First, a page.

Syracuse Intensifies Search for New 'Ghostly' Particles
Physicists build major components for multinational neutrino experiment
Physicists in the College of Arts and Sciences (A&S) are playing an important role in a multinational neutrino experiment that could lead to major breakthroughs in the study of the universe.
Mitch Soderberg, associate professor of physics, oversees a group of researchers in A&S studying neutrinos—tiny, elusive particles that hold clues about the origin of the universe. His group has led the U.S. effort to build two major components for an experiment at the Department of Energy’s Fermilab, a high-energy particle physics laboratory near Chicago.
The components have been shipped to Fermilab, where they await installation into the Short-Baseline Near Detector (SBND), one of three particle detectors in the Short-Baseline Neutrino (SBN) program.
“Unlocking the properties of neutrinos may explain how the universe works and why matter exists at all,” Soderberg says. "The technology we develop to perform our research could benefit areas such as homeland security, industry and workforce development, to name a few."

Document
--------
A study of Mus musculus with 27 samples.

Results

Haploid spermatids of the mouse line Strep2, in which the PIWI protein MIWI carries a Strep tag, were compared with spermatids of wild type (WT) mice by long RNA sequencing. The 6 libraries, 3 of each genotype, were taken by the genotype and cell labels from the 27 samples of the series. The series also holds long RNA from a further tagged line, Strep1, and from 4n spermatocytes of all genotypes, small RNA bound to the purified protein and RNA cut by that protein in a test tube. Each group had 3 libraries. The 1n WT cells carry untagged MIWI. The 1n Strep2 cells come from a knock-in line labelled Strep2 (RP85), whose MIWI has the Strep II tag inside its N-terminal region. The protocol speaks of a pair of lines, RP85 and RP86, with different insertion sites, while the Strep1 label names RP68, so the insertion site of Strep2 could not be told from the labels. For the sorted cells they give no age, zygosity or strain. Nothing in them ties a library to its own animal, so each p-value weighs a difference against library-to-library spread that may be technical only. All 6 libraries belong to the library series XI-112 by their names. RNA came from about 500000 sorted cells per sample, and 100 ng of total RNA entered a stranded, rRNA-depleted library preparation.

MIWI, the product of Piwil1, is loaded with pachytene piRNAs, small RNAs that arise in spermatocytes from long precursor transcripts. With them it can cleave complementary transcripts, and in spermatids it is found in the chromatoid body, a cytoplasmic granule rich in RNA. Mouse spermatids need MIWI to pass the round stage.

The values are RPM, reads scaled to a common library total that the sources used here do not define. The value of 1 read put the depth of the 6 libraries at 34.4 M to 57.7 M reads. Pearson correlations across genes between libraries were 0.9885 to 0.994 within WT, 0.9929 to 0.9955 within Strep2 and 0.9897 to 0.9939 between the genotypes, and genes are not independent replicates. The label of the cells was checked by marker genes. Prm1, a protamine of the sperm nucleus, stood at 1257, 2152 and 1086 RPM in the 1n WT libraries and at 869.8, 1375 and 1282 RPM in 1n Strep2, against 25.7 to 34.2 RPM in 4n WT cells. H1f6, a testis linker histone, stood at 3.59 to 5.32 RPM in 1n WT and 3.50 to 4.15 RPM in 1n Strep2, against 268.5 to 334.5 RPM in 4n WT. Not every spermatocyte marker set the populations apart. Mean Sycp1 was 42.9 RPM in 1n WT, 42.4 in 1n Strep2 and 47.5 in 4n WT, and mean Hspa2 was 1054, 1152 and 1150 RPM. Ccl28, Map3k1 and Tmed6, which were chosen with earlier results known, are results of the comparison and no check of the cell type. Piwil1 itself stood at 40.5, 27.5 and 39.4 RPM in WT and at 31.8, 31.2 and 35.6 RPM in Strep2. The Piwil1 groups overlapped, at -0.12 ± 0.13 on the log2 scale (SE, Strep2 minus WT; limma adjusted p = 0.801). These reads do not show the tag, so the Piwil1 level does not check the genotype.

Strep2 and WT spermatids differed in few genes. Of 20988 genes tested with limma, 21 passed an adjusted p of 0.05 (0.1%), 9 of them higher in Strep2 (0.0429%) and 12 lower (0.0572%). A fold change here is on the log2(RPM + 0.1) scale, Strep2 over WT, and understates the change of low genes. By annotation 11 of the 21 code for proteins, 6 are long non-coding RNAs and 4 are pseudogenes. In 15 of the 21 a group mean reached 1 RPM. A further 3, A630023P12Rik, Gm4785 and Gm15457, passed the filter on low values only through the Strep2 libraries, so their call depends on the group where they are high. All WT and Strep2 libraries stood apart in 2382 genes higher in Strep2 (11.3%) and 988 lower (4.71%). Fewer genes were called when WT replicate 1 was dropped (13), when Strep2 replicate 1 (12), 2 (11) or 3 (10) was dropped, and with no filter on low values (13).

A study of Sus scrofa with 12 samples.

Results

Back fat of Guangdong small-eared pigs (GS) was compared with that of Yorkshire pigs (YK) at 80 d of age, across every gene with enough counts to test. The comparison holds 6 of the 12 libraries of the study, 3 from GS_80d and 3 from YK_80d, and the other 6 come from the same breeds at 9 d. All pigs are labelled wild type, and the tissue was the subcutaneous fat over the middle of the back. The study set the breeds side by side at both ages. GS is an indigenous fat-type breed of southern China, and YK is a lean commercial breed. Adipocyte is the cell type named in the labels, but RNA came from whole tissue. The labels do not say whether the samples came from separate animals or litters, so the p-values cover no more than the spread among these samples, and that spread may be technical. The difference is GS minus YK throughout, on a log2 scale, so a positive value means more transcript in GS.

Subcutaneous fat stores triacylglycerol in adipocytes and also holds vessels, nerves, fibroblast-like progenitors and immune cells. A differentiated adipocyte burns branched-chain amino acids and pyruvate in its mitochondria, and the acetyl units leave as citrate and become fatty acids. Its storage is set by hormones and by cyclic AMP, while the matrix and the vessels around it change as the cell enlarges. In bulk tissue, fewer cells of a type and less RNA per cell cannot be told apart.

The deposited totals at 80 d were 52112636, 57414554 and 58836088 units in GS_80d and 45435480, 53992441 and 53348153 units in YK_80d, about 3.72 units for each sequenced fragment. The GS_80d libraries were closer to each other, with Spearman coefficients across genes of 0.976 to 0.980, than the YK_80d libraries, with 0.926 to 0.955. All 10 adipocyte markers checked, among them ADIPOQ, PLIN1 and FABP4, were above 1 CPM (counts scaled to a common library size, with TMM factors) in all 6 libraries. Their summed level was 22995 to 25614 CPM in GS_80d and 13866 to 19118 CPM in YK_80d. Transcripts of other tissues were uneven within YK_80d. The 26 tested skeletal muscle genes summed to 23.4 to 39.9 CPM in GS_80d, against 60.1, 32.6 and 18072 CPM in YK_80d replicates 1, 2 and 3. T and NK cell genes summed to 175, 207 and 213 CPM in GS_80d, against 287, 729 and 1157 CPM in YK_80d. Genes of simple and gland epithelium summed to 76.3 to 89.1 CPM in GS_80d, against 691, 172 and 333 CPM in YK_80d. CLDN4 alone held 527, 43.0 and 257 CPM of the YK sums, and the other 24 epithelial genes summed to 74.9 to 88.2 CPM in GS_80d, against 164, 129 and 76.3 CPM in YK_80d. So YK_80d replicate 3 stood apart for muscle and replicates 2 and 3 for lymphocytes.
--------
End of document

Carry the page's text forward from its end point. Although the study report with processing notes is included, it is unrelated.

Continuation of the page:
With the SBND project, Soderberg's group makes important contributions to SBN detectors, having previously helped build components at Syracuse for the MicroBooNE detector. The SBN program focuses on neutrino oscillation—the process by which neutrinos change flavors, or types, as they hurtle through space and matter at essentially the speed of light.
The Standard Model, which explains how fundamental particles interact with one another, posits that neutrinos occur in three flavors. SBN is searching for evidence of a fourth flavor, called sterile neutrinos.
Soderbeg hopes confirming the existence of these infinitesimally small, sterile particles will help him and other scientists answer questions about the universe that the Standard Model cannot.
"While really big questions, such as 'Why is there more matter than antimatter in the universe?,' are driven more by intellectual curiosity than practical application, they stretch our understanding of the way the universe functions," he says. "Perhaps along the way we will devise new technologies that have applications beyond the realm of particle physics."
Eric Schiff, professor and chair of physics at Syracuse, is excited about the research, saying the existence of "ghostly" sterile neutrinos might explain phenomena such as dark matter—invisible material that makes up 25 percent of the universe, but does not emit light or energy.
"Every particle physicist on Earth would love to be part of the team that does an experiment with results beyond the Standard Model. If found, sterile neutrinos would be just this type of experiment," he adds.